Duke was a large male boxer. He was cherished by his human, Australian Kay Newman. She watched in horror as her dog was left in a crate on the tarmac during a delay. Temperatures soared to over 102℉. Her sweet boy could not handle the heat, especially inside a kennel that radiated inside like an oven. Duke died and the airline thinks sympathy alone is enough. 

Image Kay Newman/Facebook

Kay Informed Qantas that Duke’s Breed Was High Risk

Kay and Duke were booked on a Qantas flight from Sydney to Brisbane. Prior to the flight, Kay was asked to fill out some paperwork for her “cargo” Duke. She completed the paperwork, which clearly indicated that Duke was a snub-nosed breed and therefore was at a high risk of overheating. 

Kay said, “When I handed Duke over at the freight, I had to include some paperwork with him to declare that he is what they call a snub-nose breed. Because they are more at risk of overheating. So with that information, they should have really taken extra care,” she said.

Image Kay Newman/Facebook

Kay Expressed Her Growing Concern for Duke in Real Time

Before separating from Duke, Kay did everything she could to combat the heat. She posted to Facebook, “I was worried about the heat but was told by Qantas freight staff that Duke would only be kept on the tarmac for a few minutes, and that he would be kept under cover until they were ready to put him on the plane.” 

Further, “The staff at the freight office were great and when the time came to put Duke into the crate, they patiently waited while I did everything I could to ensure he would be kept cool. I used two bottles of ice water to soak Duke down as well as a towel for him to lay on, and filled up the water bowl. I kept the third bottle completely frozen and placed that in the crate with him. That should have been enough to keep him cool for the time it would take to load him onto the plane.”

The Qantas flight was delayed so the baggage and cargo were left sitting on the tarmac waiting to be loaded far longer than the “few minutes” that was expected. Kay was watching from the gate windows. She would see Duke’s crate and she was very worried that he was not okay. He was in the blazing sun with no shade. With temperatures over 102℉, she knew Duke was in trouble. She expressed her concerns to the gate attendants and was dismissed. 

“I went to the Qantas staff at the gate and I was really upset. I said, ‘my dog has been out there quite a while now. He’s at higher risk from the heat. I’m really concerned.’ They just assured me that he was fine, he would be loaded shortly… he just remained out there,” she said.

Kay was the last passenger to board. She was crying and a flight attendant asked her if everything was okay. She told the attendant about her concerns and the pilot called down to have the baggage crew check on Duke. Kay was told that Duke was fine. Obviously, he wasn’t. Kay estimates that Duke was exposed to this crushing heat for well over an hour. She has requested CCTV footage from the airline who has ignored the request. 

Image Kay Newman/Facebook

Upon Arrival, Kay Found Out Duke Was Dead

After arriving, Kay went to the freight office to collect Duke. They asked her if she was Kay Newman and then asked her to come through to an inner office. She knew this wasn’t normal and started screaming and crying asking what happened. She was told they had some bad news. Her dog had not survived the flight.  In a Facebook post she wrote, “I was beside myself, all I could do was scream no, no, no. I demanded to see Duke because I didn’t want to believe what was happening.”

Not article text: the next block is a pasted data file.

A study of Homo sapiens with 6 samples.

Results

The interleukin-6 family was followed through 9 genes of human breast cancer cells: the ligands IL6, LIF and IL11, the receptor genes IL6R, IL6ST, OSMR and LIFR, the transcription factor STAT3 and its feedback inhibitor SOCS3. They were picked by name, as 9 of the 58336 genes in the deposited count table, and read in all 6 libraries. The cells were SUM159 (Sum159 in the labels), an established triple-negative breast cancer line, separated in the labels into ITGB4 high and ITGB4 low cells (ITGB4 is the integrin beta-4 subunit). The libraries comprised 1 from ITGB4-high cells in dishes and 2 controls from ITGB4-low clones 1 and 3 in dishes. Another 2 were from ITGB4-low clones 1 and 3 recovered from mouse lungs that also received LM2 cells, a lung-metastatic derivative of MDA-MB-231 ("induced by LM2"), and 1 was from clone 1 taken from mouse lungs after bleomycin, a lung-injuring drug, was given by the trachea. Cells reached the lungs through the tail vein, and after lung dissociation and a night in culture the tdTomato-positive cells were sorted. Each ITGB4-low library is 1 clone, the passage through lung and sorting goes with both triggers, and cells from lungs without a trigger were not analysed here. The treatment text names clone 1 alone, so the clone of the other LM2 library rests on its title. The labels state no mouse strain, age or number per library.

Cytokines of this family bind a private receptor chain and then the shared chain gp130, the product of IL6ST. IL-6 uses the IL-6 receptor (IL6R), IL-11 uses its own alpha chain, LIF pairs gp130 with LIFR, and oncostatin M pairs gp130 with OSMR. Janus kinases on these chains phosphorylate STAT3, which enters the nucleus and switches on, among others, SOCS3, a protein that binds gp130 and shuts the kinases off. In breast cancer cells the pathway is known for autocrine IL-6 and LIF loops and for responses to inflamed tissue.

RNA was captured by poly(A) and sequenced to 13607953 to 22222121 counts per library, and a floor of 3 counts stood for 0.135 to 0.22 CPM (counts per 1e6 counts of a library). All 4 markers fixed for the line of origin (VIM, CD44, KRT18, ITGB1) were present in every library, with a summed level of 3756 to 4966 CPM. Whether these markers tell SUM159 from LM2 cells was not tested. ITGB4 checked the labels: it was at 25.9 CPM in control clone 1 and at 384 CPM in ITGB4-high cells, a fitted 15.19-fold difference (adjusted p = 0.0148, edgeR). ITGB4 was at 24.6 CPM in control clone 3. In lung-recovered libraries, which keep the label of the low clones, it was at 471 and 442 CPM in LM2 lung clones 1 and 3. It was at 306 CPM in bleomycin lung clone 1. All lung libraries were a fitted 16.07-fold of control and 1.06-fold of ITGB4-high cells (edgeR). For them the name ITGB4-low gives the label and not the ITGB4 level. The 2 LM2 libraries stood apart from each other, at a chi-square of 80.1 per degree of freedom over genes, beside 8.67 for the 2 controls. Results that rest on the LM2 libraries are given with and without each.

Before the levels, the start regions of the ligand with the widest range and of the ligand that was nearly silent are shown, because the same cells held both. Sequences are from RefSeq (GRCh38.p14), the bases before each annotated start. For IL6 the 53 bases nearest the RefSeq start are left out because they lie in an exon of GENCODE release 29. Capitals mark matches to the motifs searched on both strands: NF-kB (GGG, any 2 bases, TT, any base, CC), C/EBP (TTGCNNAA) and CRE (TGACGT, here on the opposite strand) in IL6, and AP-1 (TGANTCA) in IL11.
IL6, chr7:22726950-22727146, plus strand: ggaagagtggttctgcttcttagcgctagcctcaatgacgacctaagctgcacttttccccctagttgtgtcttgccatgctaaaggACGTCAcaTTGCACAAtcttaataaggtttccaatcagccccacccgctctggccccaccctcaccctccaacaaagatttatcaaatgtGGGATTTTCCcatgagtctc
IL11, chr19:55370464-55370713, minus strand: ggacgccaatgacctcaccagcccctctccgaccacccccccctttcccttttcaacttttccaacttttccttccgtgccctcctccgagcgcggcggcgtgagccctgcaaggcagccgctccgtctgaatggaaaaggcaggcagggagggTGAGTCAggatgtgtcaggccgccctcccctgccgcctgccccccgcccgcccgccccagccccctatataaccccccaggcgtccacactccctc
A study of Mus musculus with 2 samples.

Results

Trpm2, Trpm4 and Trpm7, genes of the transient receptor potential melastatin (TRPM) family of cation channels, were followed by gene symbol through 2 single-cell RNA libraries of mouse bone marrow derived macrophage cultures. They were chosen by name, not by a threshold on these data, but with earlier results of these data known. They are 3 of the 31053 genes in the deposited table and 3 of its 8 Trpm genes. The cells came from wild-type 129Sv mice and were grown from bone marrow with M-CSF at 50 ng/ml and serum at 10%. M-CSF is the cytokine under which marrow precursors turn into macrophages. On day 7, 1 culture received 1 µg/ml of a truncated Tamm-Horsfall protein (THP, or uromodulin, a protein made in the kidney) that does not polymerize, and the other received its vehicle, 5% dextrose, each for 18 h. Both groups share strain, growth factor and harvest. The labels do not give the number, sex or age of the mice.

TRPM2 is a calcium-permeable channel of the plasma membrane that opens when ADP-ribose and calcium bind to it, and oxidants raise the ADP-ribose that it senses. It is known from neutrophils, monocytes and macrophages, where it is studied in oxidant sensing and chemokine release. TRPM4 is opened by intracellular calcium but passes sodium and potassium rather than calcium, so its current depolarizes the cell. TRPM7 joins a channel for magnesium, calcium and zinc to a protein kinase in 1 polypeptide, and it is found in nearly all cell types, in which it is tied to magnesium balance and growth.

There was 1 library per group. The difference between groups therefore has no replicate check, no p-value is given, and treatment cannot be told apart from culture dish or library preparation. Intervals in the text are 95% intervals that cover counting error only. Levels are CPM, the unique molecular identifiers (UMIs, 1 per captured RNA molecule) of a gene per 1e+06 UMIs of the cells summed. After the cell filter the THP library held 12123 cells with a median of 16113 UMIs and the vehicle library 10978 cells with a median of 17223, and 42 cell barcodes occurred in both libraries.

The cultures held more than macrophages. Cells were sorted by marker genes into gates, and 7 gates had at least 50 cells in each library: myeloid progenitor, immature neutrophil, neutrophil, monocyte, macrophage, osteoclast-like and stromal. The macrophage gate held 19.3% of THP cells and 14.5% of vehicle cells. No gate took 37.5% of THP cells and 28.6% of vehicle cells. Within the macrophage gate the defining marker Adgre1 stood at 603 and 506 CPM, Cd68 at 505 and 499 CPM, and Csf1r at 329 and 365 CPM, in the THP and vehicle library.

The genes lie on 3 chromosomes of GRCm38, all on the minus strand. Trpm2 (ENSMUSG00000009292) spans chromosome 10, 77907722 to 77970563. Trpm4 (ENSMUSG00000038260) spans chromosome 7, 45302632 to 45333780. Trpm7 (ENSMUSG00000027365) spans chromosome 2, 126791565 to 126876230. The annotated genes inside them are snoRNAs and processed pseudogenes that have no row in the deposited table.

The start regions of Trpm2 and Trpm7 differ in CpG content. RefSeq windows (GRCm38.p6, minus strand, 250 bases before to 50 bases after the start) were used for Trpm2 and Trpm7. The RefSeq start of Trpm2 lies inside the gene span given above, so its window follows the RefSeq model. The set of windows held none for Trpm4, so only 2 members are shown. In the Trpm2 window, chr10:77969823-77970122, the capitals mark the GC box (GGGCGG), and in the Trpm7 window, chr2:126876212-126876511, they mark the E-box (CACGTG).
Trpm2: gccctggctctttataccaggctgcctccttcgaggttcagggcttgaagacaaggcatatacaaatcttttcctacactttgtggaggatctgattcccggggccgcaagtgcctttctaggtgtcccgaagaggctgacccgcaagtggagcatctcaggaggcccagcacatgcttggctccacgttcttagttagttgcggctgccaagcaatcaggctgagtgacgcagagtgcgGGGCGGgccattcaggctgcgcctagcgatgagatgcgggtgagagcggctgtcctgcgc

“Duke was still in the crate and when I reached in and put my arms around him, I knew immediately why he died because the heat coming from the underside of his body, and the bottom of his crate was immense. My poor boy suffered a terrible death.”

Image Kay Newman/Facebook

Qantas Has Expressed Sympathy and Nothing Else

Kay has been trying to obtain details about the investigation into Duke’s death by Qantas. Her calls are being ignored. Qantas did issue a public expression of sympathy. As if that is enough. It’s not. Not by a long shot. Kay is calling for a change in the processes and procedures related to live cargo handling by Qantas. Nothing short of that will be acceptable. 

Image Anthony Balleta/Facebook

Within Two Days, Another Dog Died in Qantas’ Care

It pains us to share that an English Bulldog named Frank died on a domestic flight in Australia while in Qantas’ care. This occurred just two days after Duke’s death. “I dropped to the floor, they had to carry me out of the airport,” Frank’s human told news.com.au.

Kay Started a Petition and Qantas Made Policy Changes

Kay started a petition to push Qantas to improve their processes in handling live cargo. When the petition had about 70k signatures, Qantas released a statement regarding “high-risk” dogs on Qantas flights. Effective immediately, Qantas will temporarily ban all breeds that are prone to breathing problems from flights. Over the next two weeks they will develop a new policy with the RSPCA that will include new rules for snub-nosed dogs breed, including that they will not be allowed to fly unless they have been “cleared to fly” by a vet immediately prior to travel. Further, Qantas strongly recommends that customers employ registered animal shipping companies when flying. Finally, Qantas is reviewing its airport equipment and procedures with the aim of minimizing time on the tarmac and protecting animals.  

Sign the petition if you are interested in having your voice heard on this issue. It has been signed over 76,000 times so far. 

If you know me personally or just follow me on social media, you will know Duke and how much he means to me. On Thursday…

Posted by Kay Newman on Thursday, January 9, 2020

H/T 9now.nine.com.au
H/T smh.com/au

Featured Image Kay Newman/Facebook and Anthony Balletta/Facebook.